Red Stripe Grand Stand

by

August 13, 2016
@Normal:This May 6, 2016 photo shows meat sandwiches during one of many food-testing exercises of the Olympic menu in Rio de Janeiro, Brazil. Diners are able to choose from five different buffets: Brazilian, Asian, International, Pasta and Pizza, Halal and Kosher, and everyone gets to dig into 40 varieties of Brazil's exotic fruits like caju, acai, carambola, caqui, goiaba and maracuja.

Coma bem! Eat well!

Brazil is known across the world for its beautiful people, its beaches, carnival, football and, of course, samba: the rhythm of the nation.

It's a nation that really has it all.

From metropolises buzzing with excitement underneath rising towers, to mystic rainforests and one of the most beautiful coastlines on this planet. This is a place with a lot of everything for everyone.

But there is one Brazilian trait that certainly does not get its due in the travel blogs and magazine columns: its food.

As the world descends on Rio de Janeiro for the Olympic Games, many foreigners will be getting their first real taste of Brazilian fare.

It has been said that you haven't truly lived until you've had a bellyful of the finest the country has to offer. For Jamaicans and Caribbean nationals, the experience shouldn't be too much of a culture shock, with many of the ingredients and methods resembling those you'll find in your local cookshop.

Beans, tropical fruits, cheese, meat. You'll find a lot of that in most Brazilian dishes.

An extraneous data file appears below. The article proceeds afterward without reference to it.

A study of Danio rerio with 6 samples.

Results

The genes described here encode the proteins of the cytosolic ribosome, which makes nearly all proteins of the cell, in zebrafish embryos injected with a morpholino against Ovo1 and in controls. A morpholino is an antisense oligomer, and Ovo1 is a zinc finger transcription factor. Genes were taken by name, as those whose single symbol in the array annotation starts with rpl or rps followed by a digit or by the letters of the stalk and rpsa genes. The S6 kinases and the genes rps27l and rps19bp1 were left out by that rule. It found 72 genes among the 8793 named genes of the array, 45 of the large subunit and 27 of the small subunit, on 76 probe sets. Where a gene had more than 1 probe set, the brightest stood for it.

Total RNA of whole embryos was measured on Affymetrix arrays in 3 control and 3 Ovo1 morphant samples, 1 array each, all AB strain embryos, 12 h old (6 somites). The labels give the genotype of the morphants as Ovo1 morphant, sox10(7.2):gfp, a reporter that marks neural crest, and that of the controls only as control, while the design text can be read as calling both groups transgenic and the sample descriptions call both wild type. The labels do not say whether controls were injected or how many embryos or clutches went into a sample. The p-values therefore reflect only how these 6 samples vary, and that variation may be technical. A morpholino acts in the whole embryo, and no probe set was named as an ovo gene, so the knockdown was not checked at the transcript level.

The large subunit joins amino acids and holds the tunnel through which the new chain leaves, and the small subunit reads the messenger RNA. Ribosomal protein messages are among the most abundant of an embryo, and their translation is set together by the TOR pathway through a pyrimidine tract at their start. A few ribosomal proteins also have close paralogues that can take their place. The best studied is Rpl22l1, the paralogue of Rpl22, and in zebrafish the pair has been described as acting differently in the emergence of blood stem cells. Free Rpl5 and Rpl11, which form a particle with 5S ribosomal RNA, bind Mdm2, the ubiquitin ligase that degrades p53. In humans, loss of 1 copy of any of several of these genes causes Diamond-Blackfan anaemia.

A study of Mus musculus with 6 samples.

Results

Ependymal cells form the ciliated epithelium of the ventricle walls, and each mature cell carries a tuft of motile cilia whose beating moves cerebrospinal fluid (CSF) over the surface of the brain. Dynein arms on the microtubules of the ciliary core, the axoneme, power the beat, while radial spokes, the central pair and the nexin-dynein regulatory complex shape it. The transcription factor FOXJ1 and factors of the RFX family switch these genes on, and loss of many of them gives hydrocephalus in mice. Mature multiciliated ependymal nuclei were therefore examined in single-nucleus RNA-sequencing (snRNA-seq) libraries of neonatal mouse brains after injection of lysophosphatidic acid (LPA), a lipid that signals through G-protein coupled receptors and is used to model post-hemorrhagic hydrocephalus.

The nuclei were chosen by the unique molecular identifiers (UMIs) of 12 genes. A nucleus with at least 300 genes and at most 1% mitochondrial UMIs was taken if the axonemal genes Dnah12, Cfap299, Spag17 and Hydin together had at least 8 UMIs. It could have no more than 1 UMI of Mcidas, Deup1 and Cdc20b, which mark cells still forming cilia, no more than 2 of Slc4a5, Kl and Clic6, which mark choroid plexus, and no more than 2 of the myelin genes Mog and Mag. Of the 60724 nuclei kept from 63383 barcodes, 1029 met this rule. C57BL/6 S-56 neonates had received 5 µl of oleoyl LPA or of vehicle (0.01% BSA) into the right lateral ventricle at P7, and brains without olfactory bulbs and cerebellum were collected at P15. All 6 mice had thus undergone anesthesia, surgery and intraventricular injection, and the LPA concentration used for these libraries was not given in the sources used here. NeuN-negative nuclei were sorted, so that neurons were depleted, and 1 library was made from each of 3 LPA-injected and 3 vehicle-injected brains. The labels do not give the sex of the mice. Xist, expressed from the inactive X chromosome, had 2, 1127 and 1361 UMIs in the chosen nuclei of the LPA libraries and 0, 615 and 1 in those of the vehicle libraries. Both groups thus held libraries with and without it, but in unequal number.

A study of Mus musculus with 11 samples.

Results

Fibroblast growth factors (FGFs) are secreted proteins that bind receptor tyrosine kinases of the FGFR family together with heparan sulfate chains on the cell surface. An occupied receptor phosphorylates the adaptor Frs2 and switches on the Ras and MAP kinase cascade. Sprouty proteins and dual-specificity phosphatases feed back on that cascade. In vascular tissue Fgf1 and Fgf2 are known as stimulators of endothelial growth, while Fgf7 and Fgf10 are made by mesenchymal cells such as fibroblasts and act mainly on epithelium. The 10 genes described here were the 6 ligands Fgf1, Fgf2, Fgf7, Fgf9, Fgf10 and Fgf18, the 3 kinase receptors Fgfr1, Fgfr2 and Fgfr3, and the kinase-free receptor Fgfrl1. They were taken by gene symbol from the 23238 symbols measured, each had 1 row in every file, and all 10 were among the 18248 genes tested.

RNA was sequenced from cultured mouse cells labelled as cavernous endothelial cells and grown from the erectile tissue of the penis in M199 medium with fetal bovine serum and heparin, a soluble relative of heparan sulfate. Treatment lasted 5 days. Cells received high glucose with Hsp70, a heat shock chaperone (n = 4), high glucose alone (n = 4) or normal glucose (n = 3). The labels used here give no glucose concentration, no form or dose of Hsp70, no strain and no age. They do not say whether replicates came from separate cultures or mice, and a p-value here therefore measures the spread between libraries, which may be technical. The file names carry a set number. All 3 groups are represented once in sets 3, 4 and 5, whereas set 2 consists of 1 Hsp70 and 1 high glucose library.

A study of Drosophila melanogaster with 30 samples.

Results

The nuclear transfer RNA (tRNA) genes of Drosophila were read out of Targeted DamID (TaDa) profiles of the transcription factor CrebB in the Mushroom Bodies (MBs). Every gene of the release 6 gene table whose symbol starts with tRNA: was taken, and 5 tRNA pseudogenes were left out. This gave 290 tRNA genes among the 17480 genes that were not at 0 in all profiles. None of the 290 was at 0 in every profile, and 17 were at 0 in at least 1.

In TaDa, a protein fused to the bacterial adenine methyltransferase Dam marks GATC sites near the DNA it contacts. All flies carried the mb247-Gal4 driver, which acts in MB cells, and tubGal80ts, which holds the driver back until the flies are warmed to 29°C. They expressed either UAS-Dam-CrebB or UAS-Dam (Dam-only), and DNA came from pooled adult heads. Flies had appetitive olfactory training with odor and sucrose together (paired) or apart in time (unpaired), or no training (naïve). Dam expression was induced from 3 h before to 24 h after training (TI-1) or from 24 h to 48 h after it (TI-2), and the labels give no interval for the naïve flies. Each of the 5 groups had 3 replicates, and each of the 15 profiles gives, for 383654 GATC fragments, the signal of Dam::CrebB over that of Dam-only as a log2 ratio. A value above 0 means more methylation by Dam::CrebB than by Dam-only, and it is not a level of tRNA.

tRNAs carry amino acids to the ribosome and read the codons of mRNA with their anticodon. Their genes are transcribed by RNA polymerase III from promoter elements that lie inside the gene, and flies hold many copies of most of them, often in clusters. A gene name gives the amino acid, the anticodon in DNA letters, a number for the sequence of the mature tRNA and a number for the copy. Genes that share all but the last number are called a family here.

There are a few that are sure to satisfy the appetite and feed the soul.

Moqueca can be confused quite easily for yet another fish stew, but its mix of colour and attitude - with a healthy serving of diced tomatoes, onions and Chinese parsley, peppers and coconut milk - this is one of the must-haves on any trip to Brazil.

Brigadeiros is the perfect option for anyone with a sweet tooth. The chocolate truffle variant is made by boiling condensed milk with cocoa powder, then stirring in butter and shaping the mix into balls before rolling in chocolate sprinkles. Simple and tasty.

Another interesting Brazilian offering is called acai. A product of the Amazon, the fruit is revered for its energy-boosting qualities and is still a favourite among indigenous tribes. It is often served as a sweet, frozen sorbet, mixed in juices. Be sure to try the acai beer, found in any local supermarket.

Feijoada is another Brazilian favourite. This is basically a black bean chili - a mix of various types of beef and sausage.

The offerings are plentiful and so are the servings, and as Brazil gets ready to feed the world, there is only one thing left to say: Coma bem! Eat well!